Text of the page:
FOLLOWING the law of matter, I’ve been trying to figure whether souls are solid, liquid or gas. But since not everyone can see them, I surmise they most closely are gas, mixed with the air we ingest by eating too fast and sometimes come out as a fart.
This, as I also try to explain to myself why on All Saints’ Day, we don’t visit the graves of our dead relatives. Instead, we are accustomed to lighting up a candle representing each family dead so that they wouldn’t be sad.
Apparently, swinging by at the grave to say howdy is like talking to what little remains of what used to be breaded pork chop—what unrecognizable little bones and tendons that had been refused to be eaten by the family dog. So, lighting up a candle will do. There was hardly a need to talk; the smoke is supposed to deliver whatever the message—gas to gas. They are, after all, everywhere.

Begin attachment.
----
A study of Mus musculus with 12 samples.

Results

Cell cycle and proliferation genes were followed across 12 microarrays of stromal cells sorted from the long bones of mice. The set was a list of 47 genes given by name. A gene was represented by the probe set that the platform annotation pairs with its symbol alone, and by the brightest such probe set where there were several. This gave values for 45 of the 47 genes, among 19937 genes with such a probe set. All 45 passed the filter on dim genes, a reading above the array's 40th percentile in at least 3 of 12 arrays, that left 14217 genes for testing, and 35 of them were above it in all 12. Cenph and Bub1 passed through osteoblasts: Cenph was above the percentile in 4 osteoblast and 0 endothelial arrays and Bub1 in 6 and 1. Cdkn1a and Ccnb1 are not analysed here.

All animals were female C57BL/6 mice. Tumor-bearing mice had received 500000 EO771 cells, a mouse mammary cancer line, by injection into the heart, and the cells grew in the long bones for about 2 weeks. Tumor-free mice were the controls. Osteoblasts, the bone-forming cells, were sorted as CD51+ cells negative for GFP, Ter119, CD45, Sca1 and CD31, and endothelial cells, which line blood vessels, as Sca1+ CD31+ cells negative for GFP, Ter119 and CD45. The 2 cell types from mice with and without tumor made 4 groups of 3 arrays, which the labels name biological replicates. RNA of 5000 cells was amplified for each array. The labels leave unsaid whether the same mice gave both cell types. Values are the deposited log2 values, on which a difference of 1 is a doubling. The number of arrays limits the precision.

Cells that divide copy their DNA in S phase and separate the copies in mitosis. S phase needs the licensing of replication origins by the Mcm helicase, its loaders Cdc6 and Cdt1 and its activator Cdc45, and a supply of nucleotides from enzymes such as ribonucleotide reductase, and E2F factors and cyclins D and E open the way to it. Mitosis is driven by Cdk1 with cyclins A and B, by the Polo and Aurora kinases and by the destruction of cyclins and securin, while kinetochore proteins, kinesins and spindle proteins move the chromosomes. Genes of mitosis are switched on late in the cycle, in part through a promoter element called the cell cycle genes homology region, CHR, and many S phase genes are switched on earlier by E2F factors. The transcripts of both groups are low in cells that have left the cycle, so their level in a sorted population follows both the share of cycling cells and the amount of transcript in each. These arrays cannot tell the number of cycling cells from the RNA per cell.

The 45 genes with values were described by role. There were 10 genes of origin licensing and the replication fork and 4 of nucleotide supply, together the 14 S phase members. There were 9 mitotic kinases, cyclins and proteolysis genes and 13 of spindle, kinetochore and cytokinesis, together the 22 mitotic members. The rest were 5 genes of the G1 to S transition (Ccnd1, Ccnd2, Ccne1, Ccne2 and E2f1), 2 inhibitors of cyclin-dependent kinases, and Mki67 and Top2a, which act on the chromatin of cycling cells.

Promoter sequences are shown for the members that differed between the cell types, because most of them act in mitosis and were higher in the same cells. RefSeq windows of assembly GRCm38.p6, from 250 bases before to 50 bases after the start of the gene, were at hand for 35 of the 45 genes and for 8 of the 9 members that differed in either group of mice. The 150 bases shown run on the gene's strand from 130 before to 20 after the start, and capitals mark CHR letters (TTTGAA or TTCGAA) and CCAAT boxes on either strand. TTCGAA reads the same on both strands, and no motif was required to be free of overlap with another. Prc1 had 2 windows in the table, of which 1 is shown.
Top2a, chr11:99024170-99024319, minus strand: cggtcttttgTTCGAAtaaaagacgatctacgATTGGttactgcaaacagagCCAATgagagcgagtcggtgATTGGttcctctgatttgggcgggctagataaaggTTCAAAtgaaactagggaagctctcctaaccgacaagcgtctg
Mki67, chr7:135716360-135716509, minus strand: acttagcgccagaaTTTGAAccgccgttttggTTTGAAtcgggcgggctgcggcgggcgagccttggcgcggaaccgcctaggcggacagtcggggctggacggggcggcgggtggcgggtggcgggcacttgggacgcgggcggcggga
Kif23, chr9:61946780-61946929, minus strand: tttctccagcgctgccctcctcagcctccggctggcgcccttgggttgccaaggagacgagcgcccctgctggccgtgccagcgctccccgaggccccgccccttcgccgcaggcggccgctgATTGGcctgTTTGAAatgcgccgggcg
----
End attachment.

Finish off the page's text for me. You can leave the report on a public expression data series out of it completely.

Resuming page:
We do this on assignment and, last year, we were asked to light up a candle after each one then erect it on different areas around the house. I was tasked to light one for my cousin Oliver, who died just four years ago. Oliver and I had never been up close and personal; exchanging pleasantries was as far as it went. If anything, the only time we had a chance to talk was also just four years ago, by an inflated pool and over bottles of beer shortly after we buried his mother.
It was only then I realized that my cousin was a limited man, who spewed out words of advice, perhaps, to make up for chance conversations we never but could have had for all these years. It was like talking to a new friend, who cuts you off time and again by saying, “I really think we had met before.” He toped and blew smoke between truncated lines and asked in a slurred voice if I wanted a cigarette.
I since had not heard of the name until I was asked to do my commemoration. Instead of lighting a candle, I lit a cigarette, settled against a wall and took long contemplative draws.
There was hardly a need to say something. But I knew he knew whatever it is that I had to say.